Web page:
With the ongoing battle against the Yosemite Wildfire, we thought we’d check in with a Maven who has made a career out of fire – or, rather, fighting fires. Jim Spell is a fire safety consultant and former professional firefighter. He spent 20 years as Captain of Vail Fire and Emergency Services before retiring in 2011. Today he writes for Fire Chief Magazine and teaches fire science for the first fire science program west of the Continental Divide.

What do you do as a fire and life safety consultant?
In addition to consulting in the areas of fire and life safety, I am a project coordinator for a regional security and safety company, a contributing writer for Fire Chief Magazine, as well as a contributor to the Huffington Post video programming segments. I just got back from the Women in Fire and Emergency Services Conference in Chicago where I spoke on “The Oral Interview Process”.


How did you get into this line of work?
I began as a volunteer firefighter in 1976 simply wanting to give back to my community and became a paid professional in 1978.  After a rewarding 30 year career in the fire service, I retired to follow my second passion of writing.  Today, I am able to combine my past experience with my current skill-set becoming a viable consultant in the world of fire and life safety.


What aspect of training is MOST likely to keep fire fighters safe as they work to get a fire under control?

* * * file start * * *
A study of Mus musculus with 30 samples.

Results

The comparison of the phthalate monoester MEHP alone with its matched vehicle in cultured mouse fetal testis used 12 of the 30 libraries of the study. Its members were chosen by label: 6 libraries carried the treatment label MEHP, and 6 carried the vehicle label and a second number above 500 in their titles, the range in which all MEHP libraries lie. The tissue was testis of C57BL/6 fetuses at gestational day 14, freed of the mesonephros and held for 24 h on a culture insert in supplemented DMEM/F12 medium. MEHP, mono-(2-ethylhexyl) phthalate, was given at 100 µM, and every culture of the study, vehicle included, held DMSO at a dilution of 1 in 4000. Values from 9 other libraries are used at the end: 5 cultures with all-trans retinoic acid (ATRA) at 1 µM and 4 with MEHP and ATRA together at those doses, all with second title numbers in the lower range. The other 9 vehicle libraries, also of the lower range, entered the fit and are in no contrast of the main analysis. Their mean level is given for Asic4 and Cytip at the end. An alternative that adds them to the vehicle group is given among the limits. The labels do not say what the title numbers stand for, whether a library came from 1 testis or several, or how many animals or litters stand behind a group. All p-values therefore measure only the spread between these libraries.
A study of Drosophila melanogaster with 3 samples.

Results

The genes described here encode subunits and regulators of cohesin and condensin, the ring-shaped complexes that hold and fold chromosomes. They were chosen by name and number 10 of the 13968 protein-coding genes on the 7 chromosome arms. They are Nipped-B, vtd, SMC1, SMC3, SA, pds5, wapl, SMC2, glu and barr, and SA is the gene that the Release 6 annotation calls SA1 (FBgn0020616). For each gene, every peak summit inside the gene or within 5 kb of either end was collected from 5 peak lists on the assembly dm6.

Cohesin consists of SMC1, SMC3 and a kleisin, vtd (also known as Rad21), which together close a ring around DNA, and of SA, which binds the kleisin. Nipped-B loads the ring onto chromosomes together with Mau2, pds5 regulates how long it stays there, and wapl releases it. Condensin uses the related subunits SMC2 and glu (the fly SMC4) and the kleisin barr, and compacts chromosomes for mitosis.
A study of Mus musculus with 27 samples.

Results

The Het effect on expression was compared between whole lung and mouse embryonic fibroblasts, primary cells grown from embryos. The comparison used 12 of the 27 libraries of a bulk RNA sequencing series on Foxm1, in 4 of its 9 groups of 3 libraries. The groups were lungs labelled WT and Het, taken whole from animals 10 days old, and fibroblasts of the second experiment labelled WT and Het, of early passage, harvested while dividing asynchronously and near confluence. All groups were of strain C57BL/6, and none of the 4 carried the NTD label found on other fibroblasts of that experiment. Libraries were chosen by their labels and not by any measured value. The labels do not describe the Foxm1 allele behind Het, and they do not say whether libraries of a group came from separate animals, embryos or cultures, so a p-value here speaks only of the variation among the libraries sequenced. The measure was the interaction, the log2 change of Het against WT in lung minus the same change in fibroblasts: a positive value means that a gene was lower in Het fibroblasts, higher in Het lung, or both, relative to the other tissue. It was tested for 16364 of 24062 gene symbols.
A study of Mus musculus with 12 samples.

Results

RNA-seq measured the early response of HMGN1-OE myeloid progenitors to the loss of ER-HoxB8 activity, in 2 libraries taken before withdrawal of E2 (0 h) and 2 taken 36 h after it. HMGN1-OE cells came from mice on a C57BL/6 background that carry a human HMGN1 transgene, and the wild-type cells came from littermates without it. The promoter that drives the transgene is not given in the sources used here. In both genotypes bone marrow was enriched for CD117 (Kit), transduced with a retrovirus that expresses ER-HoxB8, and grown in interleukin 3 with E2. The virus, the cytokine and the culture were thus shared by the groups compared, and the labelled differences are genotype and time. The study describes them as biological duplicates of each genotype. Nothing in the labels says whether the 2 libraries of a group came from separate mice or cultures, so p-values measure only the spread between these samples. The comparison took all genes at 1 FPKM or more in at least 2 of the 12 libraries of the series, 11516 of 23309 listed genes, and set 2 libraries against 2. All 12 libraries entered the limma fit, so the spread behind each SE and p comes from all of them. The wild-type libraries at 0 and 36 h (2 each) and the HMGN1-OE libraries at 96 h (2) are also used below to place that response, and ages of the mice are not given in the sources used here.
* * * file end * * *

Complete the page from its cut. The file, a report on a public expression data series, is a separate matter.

Talking to firefighters equipped with the finest in education, training and experience, my only advice for them as they work in any hazardous atmosphere and especially in a fire – is to always have an exit, a way out of any situation or environment and to do so by not allowing your focus to become tunnel vision.  By looking out for your partner, you look out for yourself… and together, a way out.  Combine this with a good risk/benefit analysis of every situation and you have a safe firefighter.


With a spotlight on the Rim fire in Yosemite National Park, are wildfires more prevalent today or is the news more interested in wildfires today?
You can burn 1000 acres of wilderness and it makes page 6 of the newspaper.  You lose one structure in the process and it is page one!

Additionally, we have been actively suppressing the natural progression of forest and wildland fires for years, preventing them at every opportunity thus allowing for the growth of fuels upon fuels; while at the same time building more and more homes in these dense wilderness areas.  These homes not only add to the fuel load and heighten public awareness when they burn, but they increase the opportunities for ignition.  Add to this the spread of beetle kill and the effects of climate change, and you have a formula for increasing “wildfires” throughout our world. More fuel load, more structures in the fuel load, more awareness… and more news outlets – The math is self-evident.